Careless People: Murder, Mayhem and the Invention of The Great Gatsby
Virago, 448pp, £16.99
F Scott Fitzgerald wrote his greatest novel in France in 1924, having exiled himself in order to get some work done. But during those ten months of intense writing, he thought his way back to the parties, quarrels, hopes and disappointments of his life with Zelda and their friends on Long Island in the feted and fateful year of 1922.
This is the world that Sarah Churchwell reconstructs for us as she lays out the raw materials from which The Great Gatsby was made. We meet the people Fitzgerald met: newspaper tycoons such as Herbert Swope and entrepreneurs such as Larry Fay, who made his money from liquor and taxis (and smuggling liquor in taxis) and spent it on his rainbow collection of beautifully tailored shirts. We start to learn the ropes of 1920s Manhattan: the colour of taxis, the customary length of skirts, the modish vocabulary. Eventually, we feel we might just telephone through to the Fitzgeralds (ask the operator for Great Neck 740). Dialling codes and lexicons – these details matter. The first readers of Gatsby thought it was all about themselves, a book of the moment. Today, we tend to admire its enduring mythology of aspiration and undoing. Churchwell brilliantly brings these two perspectives together as she holds in counterpoint the sprawling stuff of Fitzgerald’s daily life and the gleamingly taut prose poem that emerged from it.
It is too easy, Churchwell warns, to make simple equations between fiction and reality. She deals instead with hauntings, doublings and reverberations. The enigmatic green light across the dock, to which Gatsby stretches out his arms, is not literally related to the traffic lights recently erected in Manhattan. Yet there is just a shadow of shared meaning, a shadow that deepens and enriches the enigma.
The jazz age documented here is sadder and less glittering than Baz Luhrmann would have us believe in his new film of The Great Gatsby. Churchwell evokes the allure of the speakeasies but also the seediness of an underground world run by crooks without compunction: “Speakeasies had false fronts, barrels had false bottoms, drunk drivers gave false names to the police and upstarts depended on making false impressions.”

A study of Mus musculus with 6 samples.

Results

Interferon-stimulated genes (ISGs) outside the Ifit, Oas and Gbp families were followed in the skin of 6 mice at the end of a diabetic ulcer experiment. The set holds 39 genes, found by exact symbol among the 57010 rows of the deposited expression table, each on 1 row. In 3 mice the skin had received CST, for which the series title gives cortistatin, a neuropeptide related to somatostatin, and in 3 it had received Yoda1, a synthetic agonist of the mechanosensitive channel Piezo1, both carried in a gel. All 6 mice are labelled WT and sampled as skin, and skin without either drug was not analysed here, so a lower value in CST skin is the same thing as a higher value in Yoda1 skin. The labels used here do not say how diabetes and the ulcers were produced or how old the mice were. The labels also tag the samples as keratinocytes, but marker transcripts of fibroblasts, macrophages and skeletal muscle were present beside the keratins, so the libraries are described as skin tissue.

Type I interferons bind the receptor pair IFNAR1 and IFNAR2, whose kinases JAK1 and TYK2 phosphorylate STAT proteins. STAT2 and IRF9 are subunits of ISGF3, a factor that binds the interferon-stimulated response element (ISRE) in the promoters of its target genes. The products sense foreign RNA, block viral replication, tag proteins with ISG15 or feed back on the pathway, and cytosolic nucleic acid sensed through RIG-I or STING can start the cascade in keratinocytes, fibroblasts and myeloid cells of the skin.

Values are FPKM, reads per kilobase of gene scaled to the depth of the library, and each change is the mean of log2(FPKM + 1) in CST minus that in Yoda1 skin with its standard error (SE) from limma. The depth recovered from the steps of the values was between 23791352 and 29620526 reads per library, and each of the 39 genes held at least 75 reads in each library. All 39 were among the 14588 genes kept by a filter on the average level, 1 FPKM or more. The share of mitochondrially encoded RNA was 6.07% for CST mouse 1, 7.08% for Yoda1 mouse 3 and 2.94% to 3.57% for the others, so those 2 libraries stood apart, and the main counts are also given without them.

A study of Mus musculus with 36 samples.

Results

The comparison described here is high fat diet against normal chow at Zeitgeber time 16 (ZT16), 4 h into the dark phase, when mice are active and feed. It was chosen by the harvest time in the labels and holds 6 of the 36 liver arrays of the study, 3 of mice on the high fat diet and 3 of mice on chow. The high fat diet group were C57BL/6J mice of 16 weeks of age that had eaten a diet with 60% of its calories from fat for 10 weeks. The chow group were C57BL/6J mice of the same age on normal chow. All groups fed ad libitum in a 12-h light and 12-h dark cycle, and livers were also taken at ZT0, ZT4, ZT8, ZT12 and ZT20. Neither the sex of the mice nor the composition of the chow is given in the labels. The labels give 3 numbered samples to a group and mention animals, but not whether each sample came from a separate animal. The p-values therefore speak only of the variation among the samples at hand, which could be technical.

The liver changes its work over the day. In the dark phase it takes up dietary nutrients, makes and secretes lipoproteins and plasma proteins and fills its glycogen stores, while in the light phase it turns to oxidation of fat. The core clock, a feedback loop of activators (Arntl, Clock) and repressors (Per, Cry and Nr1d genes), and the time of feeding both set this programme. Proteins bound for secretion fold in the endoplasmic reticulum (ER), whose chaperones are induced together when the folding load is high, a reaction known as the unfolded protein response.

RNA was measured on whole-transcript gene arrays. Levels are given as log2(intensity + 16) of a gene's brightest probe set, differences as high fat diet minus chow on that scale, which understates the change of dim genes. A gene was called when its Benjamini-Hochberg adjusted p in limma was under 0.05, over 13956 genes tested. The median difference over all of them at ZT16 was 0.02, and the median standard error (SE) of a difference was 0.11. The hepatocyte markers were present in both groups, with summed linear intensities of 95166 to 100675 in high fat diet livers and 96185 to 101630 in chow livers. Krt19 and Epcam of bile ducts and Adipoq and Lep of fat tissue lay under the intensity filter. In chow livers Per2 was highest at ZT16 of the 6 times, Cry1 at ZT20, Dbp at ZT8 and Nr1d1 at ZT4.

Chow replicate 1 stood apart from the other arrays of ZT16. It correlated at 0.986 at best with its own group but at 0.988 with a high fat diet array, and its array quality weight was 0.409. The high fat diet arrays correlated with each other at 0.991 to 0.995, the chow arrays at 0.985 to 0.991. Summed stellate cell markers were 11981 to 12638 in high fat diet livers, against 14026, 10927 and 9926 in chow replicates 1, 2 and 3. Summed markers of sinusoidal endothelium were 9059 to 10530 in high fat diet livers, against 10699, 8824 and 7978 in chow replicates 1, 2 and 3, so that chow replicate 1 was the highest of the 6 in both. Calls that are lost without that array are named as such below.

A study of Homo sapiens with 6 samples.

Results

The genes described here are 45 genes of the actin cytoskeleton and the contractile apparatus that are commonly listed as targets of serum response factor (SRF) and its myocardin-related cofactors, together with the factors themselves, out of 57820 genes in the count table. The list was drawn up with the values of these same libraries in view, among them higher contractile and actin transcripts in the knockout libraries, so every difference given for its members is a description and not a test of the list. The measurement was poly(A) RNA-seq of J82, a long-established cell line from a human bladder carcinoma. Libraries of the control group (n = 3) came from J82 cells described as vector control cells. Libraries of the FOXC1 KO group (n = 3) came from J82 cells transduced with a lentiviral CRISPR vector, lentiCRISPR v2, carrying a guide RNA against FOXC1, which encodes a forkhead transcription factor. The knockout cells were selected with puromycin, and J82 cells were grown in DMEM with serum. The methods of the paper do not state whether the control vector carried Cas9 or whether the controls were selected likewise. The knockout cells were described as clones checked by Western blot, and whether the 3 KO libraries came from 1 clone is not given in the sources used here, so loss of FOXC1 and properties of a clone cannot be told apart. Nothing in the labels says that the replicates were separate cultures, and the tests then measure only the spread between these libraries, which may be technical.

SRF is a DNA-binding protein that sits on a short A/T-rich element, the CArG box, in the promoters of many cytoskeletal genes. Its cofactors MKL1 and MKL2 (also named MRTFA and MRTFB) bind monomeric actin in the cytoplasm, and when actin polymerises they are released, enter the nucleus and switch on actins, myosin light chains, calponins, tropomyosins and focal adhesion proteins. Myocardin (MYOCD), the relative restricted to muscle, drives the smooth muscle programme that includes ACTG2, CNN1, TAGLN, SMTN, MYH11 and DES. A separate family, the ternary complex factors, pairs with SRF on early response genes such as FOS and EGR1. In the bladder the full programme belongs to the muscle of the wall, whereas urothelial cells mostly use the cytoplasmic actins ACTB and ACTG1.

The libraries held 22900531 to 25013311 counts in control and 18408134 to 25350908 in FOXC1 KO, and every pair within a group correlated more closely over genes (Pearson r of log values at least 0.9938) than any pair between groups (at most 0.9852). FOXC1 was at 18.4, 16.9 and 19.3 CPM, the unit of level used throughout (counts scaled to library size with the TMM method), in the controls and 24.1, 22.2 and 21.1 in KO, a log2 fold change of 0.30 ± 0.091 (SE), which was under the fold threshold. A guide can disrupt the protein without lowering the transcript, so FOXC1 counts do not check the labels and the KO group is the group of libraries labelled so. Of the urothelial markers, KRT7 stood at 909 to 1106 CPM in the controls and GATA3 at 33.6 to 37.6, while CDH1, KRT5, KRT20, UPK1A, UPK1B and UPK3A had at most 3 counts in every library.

Fitzgerald conjugated the verb “to cocktail” but tired of the game after reaching the conditional subjunctive. The continuous round of drinking could turn, likewise, from pleasure to tedium. There is a photograph of a party at the Fitzgeralds’ house in which the guests look weary. “Where is the magic?” asks Churchwell. Where, indeed? As the parties went on through 1923, Fitzgerald had a sense of repetition and disintegration. “February: Still drunk . . . April . . . Another fight. Tearing drunk,” he noted in his ledger. He summed up the mood in a marginal note: “No ground under our feet.” There was nothing inherently enchanted about these lives. In his fiction, Fitzgerald kept writing about the awful realisation that magic cannot always be summoned.
Knowing that the good times would pass, desperately needing facts that would ground him, Fitzgerald saved things up. This was his counter to the carelessness of his milieu. He kept ledgers and scrapbooks, he made lists, he preserved cuttings. He had a profound need to archive and Churchwell takes her cue from him as she sorts through the flotsam of his life, honouring his curious relics. Here is a photograph of Zelda in the snow, faded to ghostliness. Here are notes on the back of a dinner menu, a yellowed rhyme saying “Flappy New Year”, a Fitzgerald autograph ready to cut out and keep.
Careless People is as mixed and inclusive as Fitzgerald’s scrapbooks. There are both glamour and grimness here. Even the typography varies between chic deco lettering and the blotchy ink of newspaper headlines. If Churchwell’s book is biography, literary criticism and social history, it is also a work of “detective non-fiction” that might be compared with Kate Summerscale’s The Suspicions of Mr Whicher. The unfolding story of a long, botched murder trial is woven into every chapter, getting stranger and stranger by the page, exposing corruption, envy and ambition of many kinds. A shooting under an apple tree in New Brunswick doesn’t at first sound congruous with Gatsby but it comes to stand as a “phantom double” of the novel’s murderous denouement. The sordid and the tragic become difficult to tell apart.
The police investigating this murder were blunderers who let tourists walk all over the crime scene. The truth went missing, carted off by souvenir hunters. As Nick Carraway says at the end of Gatsby, “It was all very careless and confused.” Churchwell, on the other hand, demonstrates how careful detective work is done.
Fitzgerald offered the year 1922 as the chief exhibit when he tried to explain the meaning of the jazz age. It is an exhibit worth looking at very carefully. Careless People does so with a mixture of patience and panache and it would take a long time to get bored of that particular cocktail.